Every stage of our life has places of uncertainty, times we get caught in the worry, anxiety and stress of trying to anticipate when our sky will fall. We go to great lengths to prepare for these surprises of illness, accident, aging and loss. Whether we are anticipating something big or small, building an emotional fortress to keep it out can become an all-consuming pursuit.

What is really lost in these fruitless efforts to secure a guarantee of safety is the ability to enjoy the present because we are so distracted and worried about what might happen in the future. Our life cycle of change only causes us to tighten up some more and work ever harder to fight against this uncertainty of the unknown.

How does this state of guarding against the unknown play out when we are taken aback by illness, aging or bereavement? It creates an emotional place of living in our fears of what we imagine might happen. Our imagination magnifies our worst fears and anxieties. In this place it becomes hard to see anything else.

The line between wise, common sense awareness, and debilitating anxieties about what we fear might befall us, can be very fine. Think of the difference between locking your car or home as thoughtful theft prevention, or being consumed with worry and stress that someone is lurking nearby ready to snatch your car or steal into your house at any moment. I can feel my heart racing even as I write this!

Just recently I came face to face with my own fears of aging and my body not responding in its dependable hardy fashion. “How dare my body act up like this, especially as I was approaching my birthday?” The two came together in a conspiracy of negativity about getting older and worry about what was around the bend.

My own processing got me thinking about what we all need when the unexpected happens. I especially want to share it with you, in the hopes that you will find some useful ideas and connections to whatever worries and uncertainties you have or are experiencing in your life. So, here are 4 areas to explore:

1.  Acceptance

You might be questioning my choice of going straight to acceptance as a first step in this process. If you are connecting to Elizabeth Kubler Ross’ 5 stages of grief, you may remember that acceptance was the final stage in grieving the loss of a loved one. However, when we are dealing with illness, fears of aging or other major life transitions, being able to accept exactly where we are becomes the starting point, not the end point. Accepting that you are divorced or getting older or not feeling well is where we must be in order to begin to deal with our situation, whatever it is.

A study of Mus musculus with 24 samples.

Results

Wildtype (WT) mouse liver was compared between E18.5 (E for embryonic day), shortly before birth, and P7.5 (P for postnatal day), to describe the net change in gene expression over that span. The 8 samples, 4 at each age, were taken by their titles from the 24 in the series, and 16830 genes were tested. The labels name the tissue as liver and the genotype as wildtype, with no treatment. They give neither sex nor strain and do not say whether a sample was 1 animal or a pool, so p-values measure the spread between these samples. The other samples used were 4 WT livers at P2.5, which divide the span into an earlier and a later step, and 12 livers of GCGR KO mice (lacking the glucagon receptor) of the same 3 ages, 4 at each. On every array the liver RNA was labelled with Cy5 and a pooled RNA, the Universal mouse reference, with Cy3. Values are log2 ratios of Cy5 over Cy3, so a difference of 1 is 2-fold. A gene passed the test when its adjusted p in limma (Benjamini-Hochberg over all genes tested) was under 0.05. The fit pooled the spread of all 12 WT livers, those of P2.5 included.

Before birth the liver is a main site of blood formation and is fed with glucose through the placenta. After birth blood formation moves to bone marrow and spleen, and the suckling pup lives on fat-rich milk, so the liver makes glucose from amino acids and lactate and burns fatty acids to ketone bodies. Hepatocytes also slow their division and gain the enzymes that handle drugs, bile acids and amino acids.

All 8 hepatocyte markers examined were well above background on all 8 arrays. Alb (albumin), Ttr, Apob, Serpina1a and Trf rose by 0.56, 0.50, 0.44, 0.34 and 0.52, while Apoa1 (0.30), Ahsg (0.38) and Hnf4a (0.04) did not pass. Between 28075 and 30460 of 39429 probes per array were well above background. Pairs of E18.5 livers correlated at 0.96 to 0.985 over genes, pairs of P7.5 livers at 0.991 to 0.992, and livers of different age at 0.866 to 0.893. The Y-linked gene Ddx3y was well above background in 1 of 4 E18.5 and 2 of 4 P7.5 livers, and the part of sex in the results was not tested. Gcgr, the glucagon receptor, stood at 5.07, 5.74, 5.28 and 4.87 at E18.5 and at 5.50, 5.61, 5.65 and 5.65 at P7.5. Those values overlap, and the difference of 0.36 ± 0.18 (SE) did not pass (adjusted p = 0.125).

2.  Needs

Our needs in the face of aging and illness will encompass our physical, emotional and spiritual being. Sharpening our body awareness helps us become attune to asking; “What does my body need?” Maybe it is more rest or more activity. You might need to nurture becoming more sensitive to what your body or emotions are telling you during the course of any given day. How our bodies respond to exercise, foods, medications or experiences is important information to know. The same is true in being aware of our emotional needs in relationship…to ourselves, our body and to others.

3.  Expectations

We all hold expectations of what we “should” be thinking, feeling or doing. “I should be able to breeze through a 10 hour work day at age 60 the same as I could when I was 30.” “Why is it taking so much longer for me to get over this cold now that I’m older?” In holding ourselves to expectations either within or outside of us, we set ourselves up for the disappointment and discouragement of not meeting these arbitrary standards.

4.  Patience and Self-Compassion

When we allow ourselves to become proactive and non-judgmental towards what our bodies or emotions need, we are building self-compassion for whatever place of change we are at. The healing of body or spirit happens in its own time and can’t be rushed. With the sensitivity of knowing ourselves, we can be aware of small changes rather than looking too far beyond. Here is where expectations and what we want can truly cloud what we need.

As for me…That birthday came and went. It is not so daunting anymore. I have settled into being fine exactly where I am!

I’ve learned a lot lately about how to listen to my body and know what it needs. My process of exercise, nutrition and mindfulness are much clearer and focused. And uncertainty?…with patience and self-compassion, I allow the unknown and uncertainty to just hang out there, while I enjoy as fully as possible my present moment.

Give it a try and feel what happens!